Script help needed please
jez.hancock at munk.nu
Thu Aug 14 07:44:48 PDT 2003
On Thu, Aug 14, 2003 at 08:49:49AM -0500, Jack L. Stone wrote:
> Server Version: Apache/1.3.27 (Unix) FrontPage/220.127.116.110 PHP/4.3.1
> The above is typical of the servers in use, and with csh shells employed,
> plus IPFW.
> My apologies for the length of this question, but the background seems
> necessary as brief as I can make it so the question makes sense.
> The problem:
> We have several servers that provide online reading of Technical articles
> and each have several hundred MB to a GB of content.
> When we started providing the articles 6-7 years ago, folks used browsers
> to read the articles. Now, the trend has become a more lazy approach and
> there is an increasing use of those download utilities which can be left
> unattended to download entire web sites taking several hours to do so.
> Multiply this by a number of similar downloads and there goes the
> bandwidth, denying those other normal online readers the speed needed for
> loading and browsing in the manner intended. Several hundred will be
> reading at a time and several 1000 daily.
There is no easy solution to this, but one avenue might be to look at
bandwidth throttling in an apache module.
One that I've used before is mod_throttle which is in the ports:
which allows you to throttle users by ip address to a certain number of
documents and/or up to a certain transfer limit. IIRC it's fairly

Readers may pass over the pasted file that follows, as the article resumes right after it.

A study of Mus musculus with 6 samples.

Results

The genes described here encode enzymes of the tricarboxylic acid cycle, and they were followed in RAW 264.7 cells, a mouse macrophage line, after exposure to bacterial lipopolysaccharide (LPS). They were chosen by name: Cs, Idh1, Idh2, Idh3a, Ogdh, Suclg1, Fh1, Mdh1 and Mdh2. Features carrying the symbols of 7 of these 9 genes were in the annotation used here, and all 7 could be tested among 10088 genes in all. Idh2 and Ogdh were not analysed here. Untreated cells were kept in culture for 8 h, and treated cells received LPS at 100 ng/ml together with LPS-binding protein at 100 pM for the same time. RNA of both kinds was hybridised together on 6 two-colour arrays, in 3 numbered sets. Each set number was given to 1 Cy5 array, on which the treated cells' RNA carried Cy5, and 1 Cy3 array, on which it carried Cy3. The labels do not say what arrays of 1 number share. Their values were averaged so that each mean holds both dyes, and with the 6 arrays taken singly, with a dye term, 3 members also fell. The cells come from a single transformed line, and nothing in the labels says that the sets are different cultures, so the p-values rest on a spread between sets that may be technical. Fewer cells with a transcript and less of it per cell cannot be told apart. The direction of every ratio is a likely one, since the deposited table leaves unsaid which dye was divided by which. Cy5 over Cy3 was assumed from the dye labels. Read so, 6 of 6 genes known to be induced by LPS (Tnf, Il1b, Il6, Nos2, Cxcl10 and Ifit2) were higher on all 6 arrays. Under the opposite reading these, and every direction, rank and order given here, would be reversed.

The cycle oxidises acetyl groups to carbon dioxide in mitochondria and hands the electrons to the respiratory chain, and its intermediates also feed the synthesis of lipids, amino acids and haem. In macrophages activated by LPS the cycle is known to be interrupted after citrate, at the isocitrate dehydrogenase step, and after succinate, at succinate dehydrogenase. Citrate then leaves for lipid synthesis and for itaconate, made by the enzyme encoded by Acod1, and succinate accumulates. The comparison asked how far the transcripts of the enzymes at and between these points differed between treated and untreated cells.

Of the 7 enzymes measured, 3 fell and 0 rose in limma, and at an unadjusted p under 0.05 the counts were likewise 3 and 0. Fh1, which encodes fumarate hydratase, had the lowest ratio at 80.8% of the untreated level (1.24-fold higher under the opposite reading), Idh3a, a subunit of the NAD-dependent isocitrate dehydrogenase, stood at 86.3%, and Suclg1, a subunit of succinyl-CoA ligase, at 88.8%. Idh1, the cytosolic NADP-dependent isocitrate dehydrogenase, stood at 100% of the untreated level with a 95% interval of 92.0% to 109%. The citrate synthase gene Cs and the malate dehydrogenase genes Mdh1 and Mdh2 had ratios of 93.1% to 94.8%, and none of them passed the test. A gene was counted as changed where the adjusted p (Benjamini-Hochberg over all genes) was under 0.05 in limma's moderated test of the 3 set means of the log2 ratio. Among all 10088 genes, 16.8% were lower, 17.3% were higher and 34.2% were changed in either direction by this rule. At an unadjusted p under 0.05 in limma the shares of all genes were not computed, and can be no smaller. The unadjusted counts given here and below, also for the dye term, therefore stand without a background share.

limited though in that you can only apply per IP limits to _every_
virtual host - ie in the global httpd.conf context.
A more finegrained solution (from what I've read, haven't tried it) is
mod_bwshare - this one isn't in the ports but can be found here:
this module overcomes some of the shortfalls of mod_throttle and allows
you to specify finer granularity over who consumes how much bandwidth
over what time period.
> Now, my question: Is it possible to write a script that can constantly scan
> the Apache logs to look for certain footprints of those downloaders,
> perhaps the names, like "HTTRACK", being one I see a lot. Whenever I see
> one of those sessions, I have been able to abort them by adding a rule to
> the firewall to deny the IP address access to the server. This aborts the
> downloading, but have seen the attempts constantly continue for a day or
> two, confirming unattended downloads.
> Thus, if the script could spot an "offender" and then perhaps make use of
> the firewall to add a rule containing the offender's IP address and then
> flush to reset the firewall, this would at least abort the download and
> free up the bandwidth (I already have a script that restarts the firewall).
> Is this possible and how would I go about it....???
If you really wanted to go down this route then I found a script someone
wrote a while back to find 'rude robots' from a httpd logfile which you
could perhaps adapt to do dynamic filtering in conjunction with your
If you have any success let me know.